June is a month filled with high school graduations and the start of summer vacation for many students, so today’s release of the 2011 Youth Risk Behavior Surveillance (YRBS) survey by the Centers for Disease Control and Prevention (CDC) is well timed. It reminds us to set clear guidelines for teens with respect to underage drinking and driver safety. The survey results indicate progress has been made in health-related behaviors and risky behaviors, but it also highlights there is still more work to be done.
Underage drinking, both lifetime and in the past 30-days among high school students nationwide decreased over the past two decades. Lifetime consumption, that is having had at least one drink of alcohol on at least one day during their life, decreased 13%, from 82% in 1991 to 71% in 2011.
While one if five students (21%) report they had consumed alcohol for the first time before age 13, the prevalence of having had at least one drink before age 13 has been steadily declining, down 37% over the past two decades. Current alcohol consumption among high school students has declined 24%, from 51% in 1991 to 39% in 2011, with current alcohol consumption nationwide decreasing seven percent since the last YRBS survey in 2009 (42%.)
Among students who reported drinking in the past month, 40% report they obtained the alcohol by someone giving it to them. Overall, high school females were more likely than their male peers to report obtaining the alcohol from someone else (46% and 35%, respectively). Unfortunately, the prevalence of having someone give them alcohol has not changed significantly since 2007 (42%) or 2009 (42%).
While the decline in underage drinking is good news, too many high school students nationwide are engaging in risky behaviors that are also associated with the leading causes of death among America’s youth- motor vehicle fatalities. One in four high school students (24%) report they rode in a car or other vehicle with a driver who has been drinking, and 8% report they drove a motor vehicle after drinking alcohol on at least one occasion. The prevalence of drinking and driving is higher among males (10%) than females (7%). However, it should be noted that the prevalence of riding with a currently drinking driver and drinking and driving among high school students has decreased over the past two decades (40% and 51%, respectively) and from 2009 to 2011 dropped 15% (both riding with a driver who had been drinking and drove when drinking).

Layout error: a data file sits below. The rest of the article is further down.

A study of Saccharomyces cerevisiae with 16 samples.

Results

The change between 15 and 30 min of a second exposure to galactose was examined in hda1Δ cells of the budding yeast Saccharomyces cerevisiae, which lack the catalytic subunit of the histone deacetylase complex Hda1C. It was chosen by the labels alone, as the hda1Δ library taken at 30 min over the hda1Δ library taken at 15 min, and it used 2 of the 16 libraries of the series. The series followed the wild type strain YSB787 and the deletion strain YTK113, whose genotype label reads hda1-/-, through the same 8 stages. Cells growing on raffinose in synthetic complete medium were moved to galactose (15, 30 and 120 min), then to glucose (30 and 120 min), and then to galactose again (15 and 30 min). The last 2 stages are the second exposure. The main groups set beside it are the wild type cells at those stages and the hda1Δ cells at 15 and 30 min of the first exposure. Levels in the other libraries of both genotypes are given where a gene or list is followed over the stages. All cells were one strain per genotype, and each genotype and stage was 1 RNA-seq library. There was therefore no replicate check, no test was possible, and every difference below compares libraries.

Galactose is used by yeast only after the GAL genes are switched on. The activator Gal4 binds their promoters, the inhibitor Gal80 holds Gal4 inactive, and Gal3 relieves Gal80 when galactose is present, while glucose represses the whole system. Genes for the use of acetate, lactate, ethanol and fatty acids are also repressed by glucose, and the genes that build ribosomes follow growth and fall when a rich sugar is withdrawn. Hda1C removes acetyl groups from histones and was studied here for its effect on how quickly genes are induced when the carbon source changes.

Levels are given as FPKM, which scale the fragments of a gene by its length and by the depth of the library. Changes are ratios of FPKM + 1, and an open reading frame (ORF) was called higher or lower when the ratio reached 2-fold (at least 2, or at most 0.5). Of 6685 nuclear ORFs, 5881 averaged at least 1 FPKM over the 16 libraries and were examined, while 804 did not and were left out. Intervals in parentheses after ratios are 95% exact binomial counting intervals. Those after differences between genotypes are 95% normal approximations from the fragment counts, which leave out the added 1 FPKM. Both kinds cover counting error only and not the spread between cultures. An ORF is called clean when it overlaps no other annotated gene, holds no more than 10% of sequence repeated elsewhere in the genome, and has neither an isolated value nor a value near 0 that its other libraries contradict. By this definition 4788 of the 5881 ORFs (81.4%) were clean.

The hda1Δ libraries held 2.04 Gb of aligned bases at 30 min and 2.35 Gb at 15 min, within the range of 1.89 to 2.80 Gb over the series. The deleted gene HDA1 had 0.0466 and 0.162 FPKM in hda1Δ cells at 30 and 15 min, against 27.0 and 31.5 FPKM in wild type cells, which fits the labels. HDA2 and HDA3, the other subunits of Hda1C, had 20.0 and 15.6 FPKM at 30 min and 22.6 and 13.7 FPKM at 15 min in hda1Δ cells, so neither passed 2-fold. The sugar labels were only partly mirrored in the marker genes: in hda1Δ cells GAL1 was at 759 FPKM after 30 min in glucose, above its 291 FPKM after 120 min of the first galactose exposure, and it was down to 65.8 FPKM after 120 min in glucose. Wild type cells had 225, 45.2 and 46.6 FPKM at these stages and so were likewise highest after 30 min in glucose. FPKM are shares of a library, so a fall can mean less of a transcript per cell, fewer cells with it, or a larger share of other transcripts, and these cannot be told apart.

Nationwide, 8% of high school students report they rarely or never wore a seat belt when riding in a car when someone else is driving. However, the prevalence of this behavior has significantly decreased -from 26% in 1991 to 8% in 2011, a decrease of 70%. More alarming, one-third of high school students report texting or e-mailing while driving a motor vehicle, including 58% of high school seniors and 43% of high school juniors.
Since 1991 The Foundation for Advancing Alcohol Responsibility has been dedicated to fighting drunk driving and underage drinking. In its continuing effort to be a leader and on the forefront of this fight, last month The Foundation for Advancing Alcohol Responsibility launched I Know Everything, a new program developed in partnership with the Virginia Supreme Court, an interactive program that addresses safe driving facts and tips in a compelling video. The I Know Everything program consists of a video with a voiceover suggesting that teens ‘know everything,’ including not to text and drive, not to drink and drive, and reminds teen drivers that driving is a privilege and their parents can take away their keys. In addition to a video, the program has a website (www.iknoweverything.com) with information for students and parents, as well as judges and driving instructors. So while the 2011 YRBS survey highlights the progress that has been made, motor vehicle crashes remain one of the leading causes of death for teens so the data also presents a precautionary tale for adults and serves as a reminder to talk to your sons and daughters about the dangers and consequences of underage drinking as well as address potentially life changing behaviors to curb distractions behind the wheel and encourage safe behaviors whether driving or riding in motor vehicles.